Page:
Key Facts:


– Economists believe the Reserve Bank of New Zealand (RBNZ) will leave the Official Cash Rate (OCR) at 5.5% in its upcoming meeting.
– Hawkish forecasters argue that inflation is embedded in the economy and the OCR will need to be lifted further and held higher for longer.
– Dovish forecasters believe that the monetary policy tightening will subdue inflation, and interest rates may need to be cut as the economy slows.
– Market pricing indicates a 13% chance of a rate hike in February 2023, followed by cuts afterward.
– Some economists anticipate the OCR to drop to 4.75% and even further to 4% next summer, while others expect rates to be reduced gradually to 3% over the following two years.

Article Summary:


Economists are divided on the future direction of New Zealand’s interest rates. The consensus is that the Reserve Bank of New Zealand will keep the OCR steady at 5.5% in its upcoming meeting. However, there are contrasting views on what will happen when the Monetary Policy Committee reconvenes in February. Hawkish forecasters believe inflation is entrenched and the OCR will need to be raised higher and remain elevated for a longer period. On the other hand, dovish forecasters argue that the recent monetary policy tightening will subdue inflation, and interest rates might need to be cut due to an economic slowdown.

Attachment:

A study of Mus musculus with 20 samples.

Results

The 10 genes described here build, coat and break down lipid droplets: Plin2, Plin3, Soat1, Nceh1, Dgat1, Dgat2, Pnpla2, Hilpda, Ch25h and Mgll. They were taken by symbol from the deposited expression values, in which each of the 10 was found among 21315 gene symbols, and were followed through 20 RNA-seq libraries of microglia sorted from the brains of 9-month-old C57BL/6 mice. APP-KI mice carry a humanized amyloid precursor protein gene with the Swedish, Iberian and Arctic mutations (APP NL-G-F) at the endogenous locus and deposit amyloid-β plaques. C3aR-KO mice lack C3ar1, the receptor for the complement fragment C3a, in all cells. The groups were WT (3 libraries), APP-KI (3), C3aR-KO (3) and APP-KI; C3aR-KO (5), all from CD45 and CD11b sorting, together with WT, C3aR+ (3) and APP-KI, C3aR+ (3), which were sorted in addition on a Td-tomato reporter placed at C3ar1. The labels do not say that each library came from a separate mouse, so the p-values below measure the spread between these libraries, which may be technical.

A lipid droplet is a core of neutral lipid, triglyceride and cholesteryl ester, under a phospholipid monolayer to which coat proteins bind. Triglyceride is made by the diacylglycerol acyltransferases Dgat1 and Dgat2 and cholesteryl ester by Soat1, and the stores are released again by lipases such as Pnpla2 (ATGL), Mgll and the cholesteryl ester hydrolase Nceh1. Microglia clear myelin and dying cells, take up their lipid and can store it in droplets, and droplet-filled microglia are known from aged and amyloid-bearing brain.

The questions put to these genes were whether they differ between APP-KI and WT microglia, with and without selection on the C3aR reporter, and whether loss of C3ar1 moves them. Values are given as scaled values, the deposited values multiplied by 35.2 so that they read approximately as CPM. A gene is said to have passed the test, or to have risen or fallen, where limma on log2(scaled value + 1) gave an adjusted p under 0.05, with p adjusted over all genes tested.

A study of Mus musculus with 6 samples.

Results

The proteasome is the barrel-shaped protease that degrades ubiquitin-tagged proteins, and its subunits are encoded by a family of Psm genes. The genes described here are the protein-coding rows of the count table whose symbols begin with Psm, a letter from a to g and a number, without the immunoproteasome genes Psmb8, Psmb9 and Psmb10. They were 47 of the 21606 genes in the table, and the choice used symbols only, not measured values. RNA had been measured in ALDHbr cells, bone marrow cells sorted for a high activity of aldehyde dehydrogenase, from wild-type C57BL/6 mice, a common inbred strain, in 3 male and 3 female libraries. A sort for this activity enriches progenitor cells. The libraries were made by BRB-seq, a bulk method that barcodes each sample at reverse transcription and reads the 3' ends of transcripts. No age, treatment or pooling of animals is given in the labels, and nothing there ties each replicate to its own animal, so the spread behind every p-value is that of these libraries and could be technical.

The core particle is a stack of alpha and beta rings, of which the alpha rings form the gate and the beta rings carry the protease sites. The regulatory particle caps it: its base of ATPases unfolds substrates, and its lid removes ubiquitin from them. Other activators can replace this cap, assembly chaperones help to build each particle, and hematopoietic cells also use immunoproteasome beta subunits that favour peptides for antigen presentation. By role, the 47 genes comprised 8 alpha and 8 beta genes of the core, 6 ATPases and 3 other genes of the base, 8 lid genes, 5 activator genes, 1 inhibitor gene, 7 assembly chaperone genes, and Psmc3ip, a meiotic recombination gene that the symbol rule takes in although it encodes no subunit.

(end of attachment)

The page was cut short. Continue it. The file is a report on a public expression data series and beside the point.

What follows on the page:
Market pricing indicates a lower chance of a rate hike in February, with expectations of rate cuts in the future. However, some economists believe that this outlook is still too hawkish. They anticipate a further drop in the OCR, with one research team suggesting it will reach 4.75% by next summer. These economists believe that the economy will remain weak, leading to rising unemployment and easing wage pressure. They also expect the Reserve Bank to be satisfied that enough has been done to address inflationary pressures.

There are contrasting views on the impact of the current OCR. Some economists, like Jarrod Kerr, believe that the full effects of the 5.5% OCR are still working their way through the economy and that it will prove to be high enough. On the other hand, former International Monetary Fund economist Kelly Eckhold believes that the OCR needs to be raised even further and held at that level until the end of 2025.

Infometrics, an independent economic research firm, aligns with market pricing, suggesting that the OCR will only be lowered once inflation is under control. They argue that the RBNZ has used strong language and OCR projections in the past to discourage rate cut expectations. The yield on a 10-year government bond has increased, likely pleasing the RBNZ, which prefers wholesale rates to remain high.